Intel Rehires Retired CPU Architect for an "exciting high performance CPU project"
Intel's new CEO is already impacting Intel's structure
Published: 21st January 2021 | Source: Glenn Hinton - LinkedIn |
Intel Rehires Retired CPU Architect for an "exciting high-performance CPU project"
Glenn Hinton, the lead architect of Nehalem, is returning to Intel after three years of retirement. Hinton has stated on LinkedIn that "having Pat Gelsinger coming back as CEO also helped me finalize my decision to come back," showcasing the influence of Intel's new CEO.
Hinton worked for Intel for 35 years, and his return from retirement is a good sign for the company. Hinton says that he will be "working on an exciting high performance CPU project", highlighting Intel's refocus on engineering and a drive to deliver faster processors. Having already retired, Hinton return to Intel isn't likely to be financially motivated. It is the draw of a new project that's bringing Glenn back to Intel; having Pat Gelsinger return as CEO has only made that project more exciting.
The development of new processors is a multi-year process, which means that Glenn Hinton will likely be a part of Intel for at least three years. Beyond that, the fruits of these projects are unlikely to be seen until at least 2024. While Hinton could impact projects that are currently in progress, a larger impact will be seen from a start-to-finish CPU project. For now, we can only guess at what Hinton will be working on, but it's good to know that he is excited by the project.
Over the past five years, Intel has been stuck on 14nm and has released refreshed versions of their Skylake architecture for five sequential product generations within the desktop market. Skylake, Kaby Lake, Coffee Lake-S, Coffee Lake-R and Comet Lake. While these architectures have seen changes to integrated graphics, their memory controllers and security mechanisms over the years, these architectures can still be considered Skylake at their core, a reality which makes the idea of new core designs an exciting one.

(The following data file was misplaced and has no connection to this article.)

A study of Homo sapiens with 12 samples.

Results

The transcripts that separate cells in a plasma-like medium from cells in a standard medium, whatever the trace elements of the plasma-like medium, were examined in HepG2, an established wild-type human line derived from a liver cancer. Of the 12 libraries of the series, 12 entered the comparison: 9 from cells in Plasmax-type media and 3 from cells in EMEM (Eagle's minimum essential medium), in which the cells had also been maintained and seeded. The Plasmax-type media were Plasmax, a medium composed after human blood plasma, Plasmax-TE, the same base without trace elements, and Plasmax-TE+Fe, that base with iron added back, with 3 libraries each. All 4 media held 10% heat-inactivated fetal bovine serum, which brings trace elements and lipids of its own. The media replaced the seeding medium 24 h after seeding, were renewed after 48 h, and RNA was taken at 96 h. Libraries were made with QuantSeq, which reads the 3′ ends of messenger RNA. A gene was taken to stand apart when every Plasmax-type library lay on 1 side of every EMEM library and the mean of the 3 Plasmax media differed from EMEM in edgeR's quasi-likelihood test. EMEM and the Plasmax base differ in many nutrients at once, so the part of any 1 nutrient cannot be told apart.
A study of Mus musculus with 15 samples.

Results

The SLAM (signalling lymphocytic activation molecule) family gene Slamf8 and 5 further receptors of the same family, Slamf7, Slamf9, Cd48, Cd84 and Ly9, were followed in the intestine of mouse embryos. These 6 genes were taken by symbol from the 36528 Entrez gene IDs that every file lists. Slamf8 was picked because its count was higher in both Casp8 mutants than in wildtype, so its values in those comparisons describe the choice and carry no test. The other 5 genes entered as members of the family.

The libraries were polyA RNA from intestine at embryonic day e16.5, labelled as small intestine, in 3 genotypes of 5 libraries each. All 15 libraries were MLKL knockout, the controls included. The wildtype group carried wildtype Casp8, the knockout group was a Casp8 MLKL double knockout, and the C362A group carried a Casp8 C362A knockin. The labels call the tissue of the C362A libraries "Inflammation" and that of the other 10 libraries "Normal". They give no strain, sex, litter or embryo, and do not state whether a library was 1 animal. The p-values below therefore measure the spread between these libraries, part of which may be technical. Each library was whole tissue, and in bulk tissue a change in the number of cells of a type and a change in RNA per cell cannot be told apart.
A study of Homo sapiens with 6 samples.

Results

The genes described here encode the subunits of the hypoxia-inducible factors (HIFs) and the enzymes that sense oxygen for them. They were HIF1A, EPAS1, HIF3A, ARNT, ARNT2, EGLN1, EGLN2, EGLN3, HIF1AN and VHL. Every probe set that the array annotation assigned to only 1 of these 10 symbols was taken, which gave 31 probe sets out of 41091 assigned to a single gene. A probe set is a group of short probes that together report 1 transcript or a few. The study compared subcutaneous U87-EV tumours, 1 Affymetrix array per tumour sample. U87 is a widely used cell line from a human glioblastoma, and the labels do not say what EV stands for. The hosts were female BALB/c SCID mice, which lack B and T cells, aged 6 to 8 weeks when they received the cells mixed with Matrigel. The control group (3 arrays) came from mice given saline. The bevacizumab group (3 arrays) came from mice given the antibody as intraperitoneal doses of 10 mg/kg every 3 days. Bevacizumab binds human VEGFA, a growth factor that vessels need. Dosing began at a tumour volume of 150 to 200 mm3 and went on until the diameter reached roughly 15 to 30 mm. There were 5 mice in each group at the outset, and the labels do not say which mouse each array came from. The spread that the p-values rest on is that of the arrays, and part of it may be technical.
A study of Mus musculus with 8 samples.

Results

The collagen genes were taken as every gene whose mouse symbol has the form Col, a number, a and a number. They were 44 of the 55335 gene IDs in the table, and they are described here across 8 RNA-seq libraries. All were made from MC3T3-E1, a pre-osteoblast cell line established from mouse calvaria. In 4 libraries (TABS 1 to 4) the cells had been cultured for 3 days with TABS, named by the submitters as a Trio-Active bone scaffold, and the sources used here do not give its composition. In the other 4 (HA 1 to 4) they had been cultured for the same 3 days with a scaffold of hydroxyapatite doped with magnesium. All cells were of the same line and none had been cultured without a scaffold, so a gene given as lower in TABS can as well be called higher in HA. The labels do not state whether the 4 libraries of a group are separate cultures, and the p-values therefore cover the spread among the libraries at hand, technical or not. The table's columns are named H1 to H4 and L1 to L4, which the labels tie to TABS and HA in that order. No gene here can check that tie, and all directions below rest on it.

Intel needs to change, and it now looks like the company is on the road to recovery. While Intel has remained financially successful, the CPU giant's technology has stagnated. With an engineering-focused CEO at their helm, Intel will soon the leadership that's needed to design and manufacture industry-leading processors.
Over the past five years, Intel has learned a valuable lesson. They need a leader that can understand their products and everything that their engineering teams tell them. Without that kind of understanding, how can a technology company properly plan and execute their roadmap? Pat Gelsinger's return to Intel has given the company's engineers confidence, and that's what Intel needs to get back on top.
You can join the discussion on Intel rehiring a retired CPU architect for an "exciting high performance CPU Project" on the OC3D Forums.